At this spring’s National Conference: Guiding Girl Greatness, four girl members spoke to delegates about their own personal experiences with our Mission keys – confidence, courage, resourcefulness and making a difference – and how they have incorporated them into their lives. Below is an excerpt of one of those speeches. Morgan talked about some very personal and sensitive issues – we know you will be moved by her words.
Once upon a time there was a young girl who grew up in Ottawa, Ontario. As a child she was always quiet and outspoken. She enrolled in Sparks to increase her confidence.
I was always pegged as a little strange, shy, nothing to be worried about. I went to a French Catholic school and the most common thing people said about me was “Elle est gênée“, she’s shy. My poor social skills became easy to hide when I started watching shows about girls in school and reading books on how to survive middle school. It wasn’t until high school my classmates noticed my rigid thinking, fidgets, and strange obsession with My Little Pony and princesses. I landed in hospital for two weeks to observe my mental health and Autism was brought to light. It’s my greatest vulnerability.
Middle school bullies forced me out of my school and into the largest high school in the province; there I made friends with my cousin and her friends but I still felt like an outsider among them. I met a boy in my French class who was struggling with his school work. I started helping him and he started helping me socially, we quickly became close friends. As the New Year rolled around we became closer and I found solace in his company, the vibrations from my cell phone stopping my heart with each message from him. After a few weeks he started asking for pictures of me, I became his phone wallpaper. He let insults slip every now and then with his frustration towards me and my poor social skills but he stood by me. Slowly he convinced me my parents were abusing me and the friends I had made were only using me for my kindness. I began to isolate myself from everyone who loved me and my world revolved around him. He told me what to wear, what to say, where to go, who to meet, what to think, and even in the safety of my home I could still feel his presence looming over me. He demanded I trade sexual favours to him for money, he threw me against walls and tables, he hit me, convinced me he was showing me social skills because I was vulnerable. His text messages still stopped my heart but this time out of fear. His hands were outlined on my body when I looked at my reflection.
One day he left me. I had ruined the relationships I started the year before and found peace in a crowd that would accept anyone. I turned to drugs and alcohol, trespassing and theft; “Sorry officer, it won’t happen again” was my new motto. I started hanging around boys who saw me as an object. My self-respect at an all-time low I was admitted to hospital. When I left I focused all my energy on recovery from him. I made new, healthy, friends, started writing poems and stories, I even went to the United Nations to help stop violence against women for the International Day of the Girl.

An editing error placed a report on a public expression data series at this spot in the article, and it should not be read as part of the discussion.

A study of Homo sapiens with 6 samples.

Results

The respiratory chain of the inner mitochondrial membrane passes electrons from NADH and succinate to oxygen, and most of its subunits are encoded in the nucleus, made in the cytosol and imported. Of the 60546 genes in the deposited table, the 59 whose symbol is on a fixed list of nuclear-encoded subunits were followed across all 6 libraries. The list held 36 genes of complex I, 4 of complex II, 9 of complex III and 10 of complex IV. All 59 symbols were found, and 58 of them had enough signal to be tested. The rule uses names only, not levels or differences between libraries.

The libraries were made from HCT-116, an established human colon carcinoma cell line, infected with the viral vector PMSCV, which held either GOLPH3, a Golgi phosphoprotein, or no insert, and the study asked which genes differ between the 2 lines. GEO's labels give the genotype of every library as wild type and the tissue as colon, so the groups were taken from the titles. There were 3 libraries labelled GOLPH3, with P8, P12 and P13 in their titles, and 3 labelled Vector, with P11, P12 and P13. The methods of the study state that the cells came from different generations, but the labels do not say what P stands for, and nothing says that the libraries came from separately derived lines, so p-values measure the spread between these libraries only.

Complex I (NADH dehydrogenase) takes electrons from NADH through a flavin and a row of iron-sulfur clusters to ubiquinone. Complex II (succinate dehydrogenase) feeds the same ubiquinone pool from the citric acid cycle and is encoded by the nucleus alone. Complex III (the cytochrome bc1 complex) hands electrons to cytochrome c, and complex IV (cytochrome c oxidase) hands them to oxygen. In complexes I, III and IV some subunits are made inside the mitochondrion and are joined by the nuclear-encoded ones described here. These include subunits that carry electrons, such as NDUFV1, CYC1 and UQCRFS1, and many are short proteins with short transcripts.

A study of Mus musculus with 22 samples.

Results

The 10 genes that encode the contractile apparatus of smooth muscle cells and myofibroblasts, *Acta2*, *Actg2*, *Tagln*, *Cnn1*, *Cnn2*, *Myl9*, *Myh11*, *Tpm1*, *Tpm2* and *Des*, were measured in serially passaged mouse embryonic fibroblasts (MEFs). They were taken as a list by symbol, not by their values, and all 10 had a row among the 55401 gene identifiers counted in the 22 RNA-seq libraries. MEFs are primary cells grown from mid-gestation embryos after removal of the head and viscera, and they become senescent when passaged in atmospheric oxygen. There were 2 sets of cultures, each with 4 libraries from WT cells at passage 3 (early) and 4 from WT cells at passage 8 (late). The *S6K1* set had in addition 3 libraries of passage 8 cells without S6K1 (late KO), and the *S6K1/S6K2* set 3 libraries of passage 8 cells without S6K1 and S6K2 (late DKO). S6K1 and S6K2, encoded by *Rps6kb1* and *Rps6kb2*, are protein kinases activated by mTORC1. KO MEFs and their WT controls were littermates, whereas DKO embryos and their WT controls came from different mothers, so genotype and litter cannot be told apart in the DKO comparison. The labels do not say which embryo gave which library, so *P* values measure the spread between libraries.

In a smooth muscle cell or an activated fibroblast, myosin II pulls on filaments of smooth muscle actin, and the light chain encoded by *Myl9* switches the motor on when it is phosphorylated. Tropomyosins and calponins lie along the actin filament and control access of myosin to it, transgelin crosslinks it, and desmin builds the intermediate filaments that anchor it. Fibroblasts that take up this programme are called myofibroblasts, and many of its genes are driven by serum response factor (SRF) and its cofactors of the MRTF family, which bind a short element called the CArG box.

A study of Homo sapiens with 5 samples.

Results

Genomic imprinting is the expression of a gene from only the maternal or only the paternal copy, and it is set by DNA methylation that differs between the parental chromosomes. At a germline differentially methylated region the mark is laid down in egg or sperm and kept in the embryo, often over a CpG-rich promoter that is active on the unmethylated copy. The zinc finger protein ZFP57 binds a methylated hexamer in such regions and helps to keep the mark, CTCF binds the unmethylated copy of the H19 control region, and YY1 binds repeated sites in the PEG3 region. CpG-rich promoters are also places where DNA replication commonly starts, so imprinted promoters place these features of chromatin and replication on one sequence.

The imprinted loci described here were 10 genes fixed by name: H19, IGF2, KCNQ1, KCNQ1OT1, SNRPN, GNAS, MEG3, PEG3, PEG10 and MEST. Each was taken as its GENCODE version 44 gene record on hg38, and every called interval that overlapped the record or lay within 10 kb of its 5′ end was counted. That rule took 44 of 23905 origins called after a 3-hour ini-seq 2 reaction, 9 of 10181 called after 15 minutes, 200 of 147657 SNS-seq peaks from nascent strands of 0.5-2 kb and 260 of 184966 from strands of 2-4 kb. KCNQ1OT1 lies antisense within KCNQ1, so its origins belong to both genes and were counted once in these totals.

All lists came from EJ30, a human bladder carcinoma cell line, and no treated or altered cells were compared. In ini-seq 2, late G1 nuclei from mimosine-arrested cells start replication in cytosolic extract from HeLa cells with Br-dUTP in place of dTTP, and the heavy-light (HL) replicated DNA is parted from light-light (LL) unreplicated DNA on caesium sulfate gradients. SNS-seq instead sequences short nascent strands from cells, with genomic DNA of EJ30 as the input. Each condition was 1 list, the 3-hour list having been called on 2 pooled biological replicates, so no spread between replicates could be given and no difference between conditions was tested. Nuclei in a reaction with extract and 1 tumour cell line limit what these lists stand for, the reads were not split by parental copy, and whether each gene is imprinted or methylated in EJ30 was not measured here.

He reappeared in my life a few weeks later. He offered me his leftover painkillers for one kiss.
My Ranger friends found out what had happened and told my Ranger leader. This began my first acts of courage.
Courage is defined as having fear but overcoming it to reach a goal. I always thought courage was being fearless when in reality courage is taking risks to leave your comfort zone. Courage is when I deleted his phone number and blocked him on Facebook even when I feared he would be upset. Courage is breaking free from his chains to realize he was unhealthy for me, and talking to the police. Courage is taking anti-depressants even when you’re worried it’ll erase your personality. Courage is standing in front of a room full of Girl Guides and the Chief Commissioner at the National Conference to tell them about how you fell apart but you’re slowly collecting the pieces from your past self that was shattered.
One of the most courageous things you can do is learning not to fear your vulnerabilities. Being quiet can make you a good listener. Being loud makes you outgoing, your modesty can make you approachable. Vulnerabilities can become your greatest strengths. Thanks to my Autism I offer unique perspective to problem solving situations, thanks to my abusive relationship I can educate girls on the importance of confidence and how to say no.
Today I’m projects co-ordinator of my provincial Ranger council, friends with three cats, a member of the provincial international trips selection committee, a cactus collector, a Girls Assistant with Brownies, a ukulele player, a Ranger unit president, a science fair judge, an honours student, a writer, a fruit sticker enthusiast, and a survivor of an abusive relationship.
Guest post by Morgan Boyer. Morgan lives in Paradise, NL. Morgan has been a member of Girl Guides of Canada for 13 years and represented Guiding at the International Day of the Girl conference at the United Nations. Read her previous blog post on this event – Moving Oceans: Working together to stop violence against girls.
Be sure to check out our previous posts on how girl members are living our Mission: Small Things Really do Make a Difference; 17 Things I would tell my Future 17-year-old Daughter.